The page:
By Steve Brawner
© 2015 by Steve Brawner Communications, Inc.
As of the beginning of this month, 31,501 Arkansans no longer have insurance through the private option, mostly because there’s a problem with their paperwork.
The state is redetermining eligibility for 600,000 Arkansans who receive health insurance through the private option or traditional Medicaid. Medicaid serves the poor, the disabled and others. The private option uses federal dollars to buy private insurance for lower-income Arkansans who previously wouldn’t have qualified for Medicaid.
The redetermination process, required by the federal government, has been a mess, beset by costly computer glitches. Now the state is trying to make up for lost time. Recipients whose incomes appear to have changed 10 percent are sent a Department of Human Services letter warning that they must verify their income within 10 days or they’ll lose their benefits.
If you count both the Medicaid and private option recipients, and both July and the upcoming August terminations, about 48,000 Arkansans will be off the rolls – 97 percent of them because they didn’t meet the deadline.
Some of that is because the state is overwhelmed. Some recipients have claimed to have submitted their incomes and then been told they’ve lost their benefits anyway. On Tuesday, Hutchinson announced a two-week pause in sending out the warning letters while DHS scrambles to find staff to process all the paperwork.
Why aren’t the others responding? Maybe they never realized they were on the private option, or they moved and never received the letter, or they read the letter and tossed it because they’re not sick right now. Some mistakenly sent verification to their local DHS office instead of the address required by the letter.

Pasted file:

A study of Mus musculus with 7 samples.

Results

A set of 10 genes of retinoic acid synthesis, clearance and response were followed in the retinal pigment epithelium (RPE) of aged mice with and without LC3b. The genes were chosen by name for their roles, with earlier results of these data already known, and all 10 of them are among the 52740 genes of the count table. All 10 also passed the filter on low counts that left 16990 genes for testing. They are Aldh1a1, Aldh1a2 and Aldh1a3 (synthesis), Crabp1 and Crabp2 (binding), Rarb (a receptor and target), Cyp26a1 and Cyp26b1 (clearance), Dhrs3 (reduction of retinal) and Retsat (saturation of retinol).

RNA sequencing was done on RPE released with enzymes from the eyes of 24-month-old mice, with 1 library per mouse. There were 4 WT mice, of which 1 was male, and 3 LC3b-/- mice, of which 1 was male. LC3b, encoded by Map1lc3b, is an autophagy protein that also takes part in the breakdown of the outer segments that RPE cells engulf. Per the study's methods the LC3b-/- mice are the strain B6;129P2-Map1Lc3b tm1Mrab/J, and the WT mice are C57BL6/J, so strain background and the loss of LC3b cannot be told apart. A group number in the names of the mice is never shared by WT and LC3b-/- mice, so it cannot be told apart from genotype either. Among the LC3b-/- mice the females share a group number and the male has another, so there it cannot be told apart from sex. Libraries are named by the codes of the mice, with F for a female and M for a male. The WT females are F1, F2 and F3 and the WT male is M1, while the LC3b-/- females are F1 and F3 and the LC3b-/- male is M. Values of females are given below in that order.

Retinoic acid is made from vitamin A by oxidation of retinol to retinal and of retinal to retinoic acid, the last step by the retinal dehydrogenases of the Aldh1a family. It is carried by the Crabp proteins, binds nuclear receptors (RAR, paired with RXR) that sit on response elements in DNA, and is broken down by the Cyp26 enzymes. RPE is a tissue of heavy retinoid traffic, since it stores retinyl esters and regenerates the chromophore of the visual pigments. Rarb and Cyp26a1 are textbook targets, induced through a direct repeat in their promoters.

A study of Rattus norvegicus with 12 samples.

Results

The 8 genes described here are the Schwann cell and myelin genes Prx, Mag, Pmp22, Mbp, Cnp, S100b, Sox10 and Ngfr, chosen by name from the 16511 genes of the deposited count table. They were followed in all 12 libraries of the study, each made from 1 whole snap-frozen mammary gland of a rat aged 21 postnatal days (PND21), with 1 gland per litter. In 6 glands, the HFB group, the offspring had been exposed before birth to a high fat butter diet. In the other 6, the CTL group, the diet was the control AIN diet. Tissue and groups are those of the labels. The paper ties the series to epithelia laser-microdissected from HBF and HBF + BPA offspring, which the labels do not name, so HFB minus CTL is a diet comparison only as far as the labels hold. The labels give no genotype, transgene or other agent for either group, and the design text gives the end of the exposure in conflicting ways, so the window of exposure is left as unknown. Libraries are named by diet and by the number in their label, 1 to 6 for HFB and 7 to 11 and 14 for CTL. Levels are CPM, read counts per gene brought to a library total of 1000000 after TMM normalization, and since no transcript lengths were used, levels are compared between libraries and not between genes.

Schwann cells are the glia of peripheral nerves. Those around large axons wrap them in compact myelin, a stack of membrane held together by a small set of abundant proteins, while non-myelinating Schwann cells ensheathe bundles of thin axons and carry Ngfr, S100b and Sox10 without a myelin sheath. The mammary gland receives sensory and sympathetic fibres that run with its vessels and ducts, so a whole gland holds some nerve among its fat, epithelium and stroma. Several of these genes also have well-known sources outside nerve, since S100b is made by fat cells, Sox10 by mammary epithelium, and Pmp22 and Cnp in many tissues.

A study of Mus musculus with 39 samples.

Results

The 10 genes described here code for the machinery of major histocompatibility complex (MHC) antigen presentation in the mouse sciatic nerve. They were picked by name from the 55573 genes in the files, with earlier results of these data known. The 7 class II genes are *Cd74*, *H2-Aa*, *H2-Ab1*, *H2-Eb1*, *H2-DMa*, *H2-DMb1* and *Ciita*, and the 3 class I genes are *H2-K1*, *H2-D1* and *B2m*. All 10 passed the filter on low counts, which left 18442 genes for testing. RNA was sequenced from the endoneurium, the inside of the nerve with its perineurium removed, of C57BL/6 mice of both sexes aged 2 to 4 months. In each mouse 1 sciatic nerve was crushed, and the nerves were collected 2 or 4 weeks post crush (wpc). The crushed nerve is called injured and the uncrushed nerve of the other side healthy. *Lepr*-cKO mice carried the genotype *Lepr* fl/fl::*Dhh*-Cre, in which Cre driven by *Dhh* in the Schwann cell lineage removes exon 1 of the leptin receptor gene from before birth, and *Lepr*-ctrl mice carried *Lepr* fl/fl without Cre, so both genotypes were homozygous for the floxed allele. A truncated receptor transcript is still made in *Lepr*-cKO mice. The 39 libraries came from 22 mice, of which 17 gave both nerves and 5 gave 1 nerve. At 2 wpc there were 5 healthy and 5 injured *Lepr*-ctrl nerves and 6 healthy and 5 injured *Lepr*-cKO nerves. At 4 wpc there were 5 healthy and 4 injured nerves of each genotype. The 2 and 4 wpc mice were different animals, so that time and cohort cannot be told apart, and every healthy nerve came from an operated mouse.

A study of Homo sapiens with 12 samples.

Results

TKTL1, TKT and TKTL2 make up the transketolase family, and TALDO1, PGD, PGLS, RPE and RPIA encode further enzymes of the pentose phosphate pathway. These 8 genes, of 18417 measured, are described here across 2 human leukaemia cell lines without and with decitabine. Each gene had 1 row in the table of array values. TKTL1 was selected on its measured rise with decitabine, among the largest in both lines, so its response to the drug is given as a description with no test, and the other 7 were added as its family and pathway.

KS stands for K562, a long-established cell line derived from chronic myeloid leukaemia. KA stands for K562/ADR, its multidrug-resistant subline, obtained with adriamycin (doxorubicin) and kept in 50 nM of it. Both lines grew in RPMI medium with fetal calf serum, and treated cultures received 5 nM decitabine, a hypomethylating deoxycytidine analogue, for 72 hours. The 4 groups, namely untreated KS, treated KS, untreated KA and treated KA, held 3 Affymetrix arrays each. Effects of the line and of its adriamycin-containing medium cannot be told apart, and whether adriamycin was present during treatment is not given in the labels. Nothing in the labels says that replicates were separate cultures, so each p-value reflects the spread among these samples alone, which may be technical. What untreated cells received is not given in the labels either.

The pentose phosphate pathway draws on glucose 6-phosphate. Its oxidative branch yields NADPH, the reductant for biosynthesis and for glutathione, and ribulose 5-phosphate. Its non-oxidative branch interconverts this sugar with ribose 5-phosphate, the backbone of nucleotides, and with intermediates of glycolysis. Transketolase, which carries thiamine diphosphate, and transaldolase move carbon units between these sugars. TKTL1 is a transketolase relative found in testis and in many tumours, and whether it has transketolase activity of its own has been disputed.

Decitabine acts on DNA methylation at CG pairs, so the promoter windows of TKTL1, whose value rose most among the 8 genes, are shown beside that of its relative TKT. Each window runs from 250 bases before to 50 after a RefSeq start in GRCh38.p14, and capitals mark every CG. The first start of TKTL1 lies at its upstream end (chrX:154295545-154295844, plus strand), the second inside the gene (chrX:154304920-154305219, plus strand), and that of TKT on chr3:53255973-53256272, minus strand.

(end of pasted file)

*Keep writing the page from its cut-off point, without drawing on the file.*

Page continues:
And some may have misunderstood the letter’s meaning or importance. Using bureaucratic language, it tells the recipient to verify their income or “your case will be closed and you will have to reapply” – not “or you will lose your insurance.” The envelope isn’t marked with anything that would communicate that it’s more important than all the other mass-produced envelopes in the recipient’s mailbox. Here’s the verification letter.
Asked if he might throw away an impersonal mass mailing, Gov. Asa Hutchinson, who personally selected that 10-day timeline, said, “If I were a recipient of Medicaid from DHS, and I get a letter from DHS, I would presume it’d be a responsibility to open that letter.”
He’s right that recipients of a very generous government health benefit have at least that responsibility. But the private option serves many lower-income people who, for whatever reason, haven’t previously qualified for Medicaid and often haven’t had health insurance, government or private. Many have jobs but just don’t have experience working the system.
Hutchinson also pointed out that recipients actually have much more than 10 days. Counting a grace period and then a 90-day appeal process where medical bills will be paid retroactively, recipients actually have three or four months before they are completely off the rolls. Before losing their benefits, they are told through another bureaucratic-sounding termination letter that their ”case will be closed.” Also, the insurance companies who provide private option recipients their coverage were alerted that they were about to lose their government-funded ratepayers, so they had a big incentive to try to contact them as well.
Seems like there should be a better way to verify who should receive a government benefit, and who shouldn’t. The state will pay to kick people off the private option, and then pay to put them right back on it when their pharmacist can’t fill their prescription.
The backstory behind this process is the controversy over the private option itself. Created as an outgrowth of the Affordable Care Act (Obamacare) it barely passed in 2013 and barely was reauthorized in 2014. The Legislature cut the private option’s marketing budget in 2014, which might could have paid for the ink to print on those envelopes, “Urgent: Respond within 10 days or you’ll lose your insurance.” The private option survived 2015 only because Hutchinson convinced legislators to give him a couple of years while he and a legislative task force create something better by the end of 2016. One by one, private option supporters are losing elections or drawing primary opponents.
So part of what’s happening is that we’re all trying to prove that we can get tough on the private option, right before we close the case on it and reapply with something else.